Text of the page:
A USPS Timeline for Survival
Insolvency is a year away, and major hurdles to legislative action remain.
A recent story this weekend by The New York Times about the United States Postal Service’s dire financial predicament fueled speculation about how long, exactly, the organization has until it closes entirely.
According to the report, a shut-down could happen as early as this winter failing any Congressional action.
The story came out just ahead of today’s Senate hearing with the Committee on Homeland Security and Governmental Affairs where postmaster general Patrick R. Donahoe provided further insight into the USPS’ survival timeline.
We’ve already learned from USPS statements that, without legislative intervention, the organization faces a default this month, the end of its fiscal year. It will hit its $15 billion borrowing limit and will default on a $5.5 billion retiree health benefits [RHB] pre-payment.
For fiscal year 2011, the USPS is predicting a net loss of "up to" $10 billion, depending on interest rates (the NYT report cites a net loss of $9.2 billion).
Whether or not that RHB pre-payment gets deferred through legislation, Donahoe says in his testimony that after a $1.3 billion Department of Labor reimbursement for workers’ comp in October, the USPS will have "liquidity equal to approximately one week’s worth operating expenses."
Further, by not paying the RHB this year and without any other changes to its funding schedule, Donahoe says the USPS can forestall insolvency until this time next year.
In the meantime, NYT report manages this doomsday scenario: "But sometime early next year, the agency will run out of money to pay its employees and gas up its trucks, officials warn, forcing it to stop delivering the roughly three billion pieces of mail it handles weekly."
To avoid that scenario, Donahoe says that Congressional action is needed by the end of this fiscal year—three weeks away. Given the prickly nature of Donahoe’s proposed fixes—resolving the RHB pre-payments; returning $6.9 billion in overpayments to the Federal Employees’ Retirement Fund; five-day delivery; letting the USPS create its own healthcare system; and eliminate another 220,000 jobs by 2015—legislative rescue is a tough sell.
Inquiries to a USPS spokesperson on how—without legislative action—the USPS will make it from October to August were not immediately returned. Presumably, cash receipts will be up late in the year due to higher volumes, which will help carry the organization forward for the short term.
Update: According to a USPS spokesperson, there will be no shutdown in early 2012. But the insolvency projection for the summer 2012 time frame still stands absent any action from Congress. "We will continue to pay employees and suppliers as long as possible to keep the mail moving in the absence of legislative change," says the spokesperson. "Our projection continues to be we can continue to do that until the end of next summer (August/September 2012 timeframe) by not making a required $5.5 billion required annual payment to prefund retiree health benefits, continued cost cutting and other actions within our control. We are hoping that legislation is introduced and passes that gives us long-term flexiblity to operate like a private sector businees and that there will be no interuption in mail delivery."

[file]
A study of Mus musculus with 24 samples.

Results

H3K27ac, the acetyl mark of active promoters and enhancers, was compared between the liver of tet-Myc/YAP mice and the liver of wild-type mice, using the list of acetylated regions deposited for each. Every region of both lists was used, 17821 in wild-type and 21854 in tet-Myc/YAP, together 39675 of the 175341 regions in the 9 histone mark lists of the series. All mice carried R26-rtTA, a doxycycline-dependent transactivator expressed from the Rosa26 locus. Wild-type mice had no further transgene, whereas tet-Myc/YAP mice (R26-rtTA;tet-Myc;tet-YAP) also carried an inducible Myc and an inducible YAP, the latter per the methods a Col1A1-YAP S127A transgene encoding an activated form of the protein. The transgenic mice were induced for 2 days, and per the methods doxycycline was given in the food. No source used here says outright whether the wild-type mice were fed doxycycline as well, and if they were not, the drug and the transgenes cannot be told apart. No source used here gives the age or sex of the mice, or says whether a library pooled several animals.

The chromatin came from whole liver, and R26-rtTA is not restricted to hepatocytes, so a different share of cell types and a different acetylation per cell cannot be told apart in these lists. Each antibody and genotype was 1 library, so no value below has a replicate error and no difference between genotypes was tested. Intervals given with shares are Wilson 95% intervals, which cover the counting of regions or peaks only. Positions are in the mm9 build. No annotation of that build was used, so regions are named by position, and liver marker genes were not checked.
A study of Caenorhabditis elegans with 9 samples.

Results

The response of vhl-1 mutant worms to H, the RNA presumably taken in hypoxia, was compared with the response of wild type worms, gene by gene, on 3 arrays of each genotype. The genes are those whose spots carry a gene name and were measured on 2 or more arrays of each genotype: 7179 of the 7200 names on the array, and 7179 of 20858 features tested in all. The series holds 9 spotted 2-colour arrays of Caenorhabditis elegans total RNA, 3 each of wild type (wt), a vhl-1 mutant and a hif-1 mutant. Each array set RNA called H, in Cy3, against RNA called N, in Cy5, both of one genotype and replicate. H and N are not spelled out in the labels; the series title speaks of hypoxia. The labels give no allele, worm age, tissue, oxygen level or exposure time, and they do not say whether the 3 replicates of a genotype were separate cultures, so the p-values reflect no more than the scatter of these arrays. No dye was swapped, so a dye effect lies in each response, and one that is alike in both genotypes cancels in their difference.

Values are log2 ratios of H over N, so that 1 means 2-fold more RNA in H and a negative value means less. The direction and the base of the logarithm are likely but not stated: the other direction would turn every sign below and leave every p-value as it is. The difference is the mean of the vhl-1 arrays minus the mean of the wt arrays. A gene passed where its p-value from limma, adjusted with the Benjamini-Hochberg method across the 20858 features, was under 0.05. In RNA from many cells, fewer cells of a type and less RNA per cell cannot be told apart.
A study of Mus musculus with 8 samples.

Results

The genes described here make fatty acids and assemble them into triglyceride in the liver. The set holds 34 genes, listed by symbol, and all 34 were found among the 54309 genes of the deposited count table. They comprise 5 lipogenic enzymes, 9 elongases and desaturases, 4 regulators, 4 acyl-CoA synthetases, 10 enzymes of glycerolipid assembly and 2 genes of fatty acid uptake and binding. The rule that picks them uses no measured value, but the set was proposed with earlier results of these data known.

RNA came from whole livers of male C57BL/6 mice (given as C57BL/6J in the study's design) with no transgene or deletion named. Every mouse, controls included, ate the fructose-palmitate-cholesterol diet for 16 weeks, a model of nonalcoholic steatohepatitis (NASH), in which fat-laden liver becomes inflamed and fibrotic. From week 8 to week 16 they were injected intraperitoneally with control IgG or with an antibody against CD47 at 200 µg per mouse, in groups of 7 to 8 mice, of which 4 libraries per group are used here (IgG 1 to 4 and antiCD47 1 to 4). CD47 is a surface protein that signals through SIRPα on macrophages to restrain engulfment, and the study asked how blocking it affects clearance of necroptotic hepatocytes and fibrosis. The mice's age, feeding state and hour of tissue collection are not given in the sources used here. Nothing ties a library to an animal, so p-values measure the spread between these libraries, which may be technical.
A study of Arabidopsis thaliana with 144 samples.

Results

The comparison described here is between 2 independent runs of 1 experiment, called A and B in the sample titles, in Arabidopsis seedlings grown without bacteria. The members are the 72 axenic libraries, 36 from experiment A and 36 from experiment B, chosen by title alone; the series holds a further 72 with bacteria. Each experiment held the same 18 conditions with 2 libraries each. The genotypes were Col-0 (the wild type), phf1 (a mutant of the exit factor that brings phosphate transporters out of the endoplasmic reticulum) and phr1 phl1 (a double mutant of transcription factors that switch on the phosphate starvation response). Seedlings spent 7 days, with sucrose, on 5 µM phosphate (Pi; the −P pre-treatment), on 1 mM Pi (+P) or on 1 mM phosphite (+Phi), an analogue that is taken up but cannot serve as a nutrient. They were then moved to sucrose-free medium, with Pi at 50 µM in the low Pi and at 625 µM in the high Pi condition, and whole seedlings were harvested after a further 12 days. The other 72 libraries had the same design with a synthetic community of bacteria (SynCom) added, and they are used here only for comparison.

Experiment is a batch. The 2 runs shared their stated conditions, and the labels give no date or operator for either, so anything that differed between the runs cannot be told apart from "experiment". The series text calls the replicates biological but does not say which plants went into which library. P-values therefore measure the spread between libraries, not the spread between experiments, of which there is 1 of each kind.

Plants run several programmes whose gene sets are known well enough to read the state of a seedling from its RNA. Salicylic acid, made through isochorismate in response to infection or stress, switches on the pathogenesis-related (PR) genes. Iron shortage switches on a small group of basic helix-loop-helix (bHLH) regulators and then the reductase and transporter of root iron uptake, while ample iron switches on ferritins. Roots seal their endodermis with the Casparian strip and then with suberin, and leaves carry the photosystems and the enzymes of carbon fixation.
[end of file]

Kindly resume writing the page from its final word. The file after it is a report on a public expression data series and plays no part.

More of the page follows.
Update: A full-blown shutdown with no government intervention is an unlikely scenario, says one publishing executive who requested not to be named. Yet Congress won’t have enough time to act before the end of the fiscal year, so the USPS will be forced to default. "We met with the USPS’ CFO [Joe Corbett] two weeks ago and the current projection is that they will run out of cash in July/August 2012. The reason the dates are changing is that first class volume continues to drop faster than they expected. No one in D.C. will let them stop delivery and we both know that Congress will not do anything in the absence of a crisis. We now have a full blown crisis on our hands, so they will take action before the USPS runs out of cash. I can guarantee that it won’t be before 9/30, so they will default on the $5.5 billion payment."
Nevertheless, Donahoe says that the USPS needs to reduce annual costs by more than $20 billion to reach profitability by 2015. In the last four years, it has cut $12 billion out of costs.
To get to that $20 billion, Donahoe is proposing the following eliminations:
-$3 billion from sortation and transport (508 processing locations to 200; eliminating 35,000 positions)
-$1.5 billion out of retail (closing 15,000 offices)
-$2 billion from delivery (eliminating 20,000 city routes out of 144,000; eliminating 22,000 positions)
-$5.5 billion from RHB Pre-Funding
-$3 billion saved with 5-day delivery
Compensation and Benefits:
-$5 billion from flexibility, benefits and wages
Witnesses on hand at the testimony included postal union leaders and Ellen Levine, editorial director at Hearst Magazines, and Tonda Rush, director of public policy of the National Newspaper Association. Both Levine and Rush, while acknowledging the need for some reform, testified against the proposed five-day delivery schedule as well as mail processing network shrinkage and retail office shutdowns, particularly in rural areas.
Donahoe pressed the Committee hard for resolution in the current fiscal year. "I cannot emphasize enough the importance of action this year [emphasis his] to help the Postal Service avoid default and insolvency. Without the involvement of Congressional leaders, in just over three weeks, we will reach our debt limit, experience a serious cash shortfall and be unable to make the required $5.5 billion RHB pre-payment," he said in his testimony.
You can read testimony from the hearing here.